A group of doctors is filing a lawsuit against the USDA for promoting cow’s milk in its dietary guidelines.
Experts from the Physicians Committee for Responsible Medicine (PCRM) have issued the court order.
USDA Dietary Guidelines
It urges the USDA to retract three sections of its 2020-2025 dietary guidelines:
- Delete dairy promotions, since dairy products increase cancer risk, while nondairy calcium sources help prevent cancer.
- Avoid equating “protein” with meat, as there are abundant sources of protein, such as beans, peas, and lentils, without meat’s fat and cholesterol.
- Eliminate deceptive language hiding the ill effects of consuming meat and dairy products.
PCRM has long critiqued the guidelines, calling them out for ‘dietary racism’. This is because lactose intolerance is prevalent among people of color.
Lactose intolerance can cause issues such as diarrhea, pain, and digestive problems. It affects 95 percent of Asians, 60 – 80 percent of African Americans and Ashkenazi Jews, 80-100 percent of American Indians, and 50 – 80 percent of Hispanic Americans.
Moreover, PCRM member Dr. Forrester is a family practice physician from Sacramento. She said: “One charter of the USDA, to market agricultural goods, including meat and dairy products, is in direct conflict with the National Nutrition Monitoring and Related Research Act.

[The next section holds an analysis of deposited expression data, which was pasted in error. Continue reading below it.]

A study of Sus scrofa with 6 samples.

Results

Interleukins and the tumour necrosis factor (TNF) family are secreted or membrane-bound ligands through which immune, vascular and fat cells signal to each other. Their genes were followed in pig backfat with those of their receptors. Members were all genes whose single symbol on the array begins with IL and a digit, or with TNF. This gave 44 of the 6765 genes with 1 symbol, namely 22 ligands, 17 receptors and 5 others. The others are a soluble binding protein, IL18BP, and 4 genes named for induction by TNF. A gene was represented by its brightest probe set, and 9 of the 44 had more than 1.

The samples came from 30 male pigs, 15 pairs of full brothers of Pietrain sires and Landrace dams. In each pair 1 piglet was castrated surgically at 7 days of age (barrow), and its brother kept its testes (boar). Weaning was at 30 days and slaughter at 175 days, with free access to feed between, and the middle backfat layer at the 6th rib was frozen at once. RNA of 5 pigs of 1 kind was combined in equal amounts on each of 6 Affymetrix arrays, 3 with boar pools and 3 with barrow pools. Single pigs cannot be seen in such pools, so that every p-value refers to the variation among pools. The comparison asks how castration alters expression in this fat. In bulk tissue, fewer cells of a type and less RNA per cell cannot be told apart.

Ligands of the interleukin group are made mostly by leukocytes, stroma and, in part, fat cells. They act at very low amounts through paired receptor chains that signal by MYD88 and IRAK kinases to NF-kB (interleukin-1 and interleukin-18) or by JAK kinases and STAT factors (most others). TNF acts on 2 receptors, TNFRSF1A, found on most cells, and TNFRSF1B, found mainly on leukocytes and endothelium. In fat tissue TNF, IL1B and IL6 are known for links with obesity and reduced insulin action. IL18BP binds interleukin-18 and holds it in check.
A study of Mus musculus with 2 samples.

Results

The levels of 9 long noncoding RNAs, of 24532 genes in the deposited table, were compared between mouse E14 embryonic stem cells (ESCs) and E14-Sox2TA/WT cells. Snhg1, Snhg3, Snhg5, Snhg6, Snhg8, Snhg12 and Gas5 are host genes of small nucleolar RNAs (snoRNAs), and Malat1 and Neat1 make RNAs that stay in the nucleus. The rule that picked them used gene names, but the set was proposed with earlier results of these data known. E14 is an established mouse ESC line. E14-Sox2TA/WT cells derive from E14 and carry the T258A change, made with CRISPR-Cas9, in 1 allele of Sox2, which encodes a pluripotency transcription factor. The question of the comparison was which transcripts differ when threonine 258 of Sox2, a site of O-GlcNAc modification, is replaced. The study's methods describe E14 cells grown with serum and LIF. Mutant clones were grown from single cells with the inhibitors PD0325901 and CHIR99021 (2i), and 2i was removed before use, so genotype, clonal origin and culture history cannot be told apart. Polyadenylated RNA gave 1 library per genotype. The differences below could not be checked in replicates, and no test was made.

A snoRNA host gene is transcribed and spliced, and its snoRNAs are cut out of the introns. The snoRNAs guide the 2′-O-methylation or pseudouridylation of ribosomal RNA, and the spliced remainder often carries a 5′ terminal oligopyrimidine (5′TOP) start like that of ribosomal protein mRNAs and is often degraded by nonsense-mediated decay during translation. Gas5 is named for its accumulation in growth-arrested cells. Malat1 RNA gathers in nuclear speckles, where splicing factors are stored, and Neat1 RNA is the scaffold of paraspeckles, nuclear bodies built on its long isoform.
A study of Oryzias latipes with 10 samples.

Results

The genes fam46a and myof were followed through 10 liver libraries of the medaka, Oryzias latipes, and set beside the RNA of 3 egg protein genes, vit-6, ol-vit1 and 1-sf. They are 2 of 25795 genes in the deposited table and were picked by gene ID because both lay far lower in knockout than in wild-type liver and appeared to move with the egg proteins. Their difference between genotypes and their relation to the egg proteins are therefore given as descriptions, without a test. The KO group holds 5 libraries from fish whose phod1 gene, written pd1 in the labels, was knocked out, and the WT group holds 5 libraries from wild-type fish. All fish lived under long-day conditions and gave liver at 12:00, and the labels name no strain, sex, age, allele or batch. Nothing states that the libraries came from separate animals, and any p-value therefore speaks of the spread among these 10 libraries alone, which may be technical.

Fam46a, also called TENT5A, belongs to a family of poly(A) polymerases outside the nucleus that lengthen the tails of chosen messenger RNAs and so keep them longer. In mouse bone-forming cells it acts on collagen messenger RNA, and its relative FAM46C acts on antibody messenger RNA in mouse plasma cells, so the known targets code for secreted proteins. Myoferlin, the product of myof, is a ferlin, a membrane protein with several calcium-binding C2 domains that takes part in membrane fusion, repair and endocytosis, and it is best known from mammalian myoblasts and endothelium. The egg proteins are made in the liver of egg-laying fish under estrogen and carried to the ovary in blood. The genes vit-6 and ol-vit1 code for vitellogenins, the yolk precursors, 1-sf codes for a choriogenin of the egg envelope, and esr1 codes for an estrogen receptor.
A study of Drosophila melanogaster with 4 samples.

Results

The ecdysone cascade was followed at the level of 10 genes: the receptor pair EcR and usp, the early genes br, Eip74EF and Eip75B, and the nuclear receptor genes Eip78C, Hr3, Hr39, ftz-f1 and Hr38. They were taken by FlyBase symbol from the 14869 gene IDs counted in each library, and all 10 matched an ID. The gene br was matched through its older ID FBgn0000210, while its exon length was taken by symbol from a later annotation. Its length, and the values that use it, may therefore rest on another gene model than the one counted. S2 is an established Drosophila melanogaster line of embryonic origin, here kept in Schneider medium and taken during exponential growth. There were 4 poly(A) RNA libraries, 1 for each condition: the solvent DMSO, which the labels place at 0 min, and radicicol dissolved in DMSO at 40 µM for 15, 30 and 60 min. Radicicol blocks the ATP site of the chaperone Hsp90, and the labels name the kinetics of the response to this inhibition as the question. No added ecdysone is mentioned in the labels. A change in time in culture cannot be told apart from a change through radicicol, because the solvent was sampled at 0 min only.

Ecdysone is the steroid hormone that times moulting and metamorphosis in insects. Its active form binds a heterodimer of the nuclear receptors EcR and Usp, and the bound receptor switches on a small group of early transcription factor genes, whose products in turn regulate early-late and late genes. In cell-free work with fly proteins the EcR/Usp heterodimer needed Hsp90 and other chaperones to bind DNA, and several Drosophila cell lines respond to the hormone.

“[This] requires the Dietary Guidelines ‘include nutritional and dietary information and guidelines for the general public’ based on ‘the preponderance of the scientific and medical knowledge which is current at the time the report is prepared…
“The USDA’s conflict of interest is perhaps best illustrated in its statement that ‘[m]ost individuals would benefit by increasing intake of dairy,’ even though there is no convincing evidence that this is true.”
PCRM added: “The Dietary Guidelines are not inconsequential. They have tangible implications for everyday Americans.
“The US government uses the Dietary Guidelines as the basis for its food assistance meal programs, nutrition education efforts. And, decisions about national health objectives.”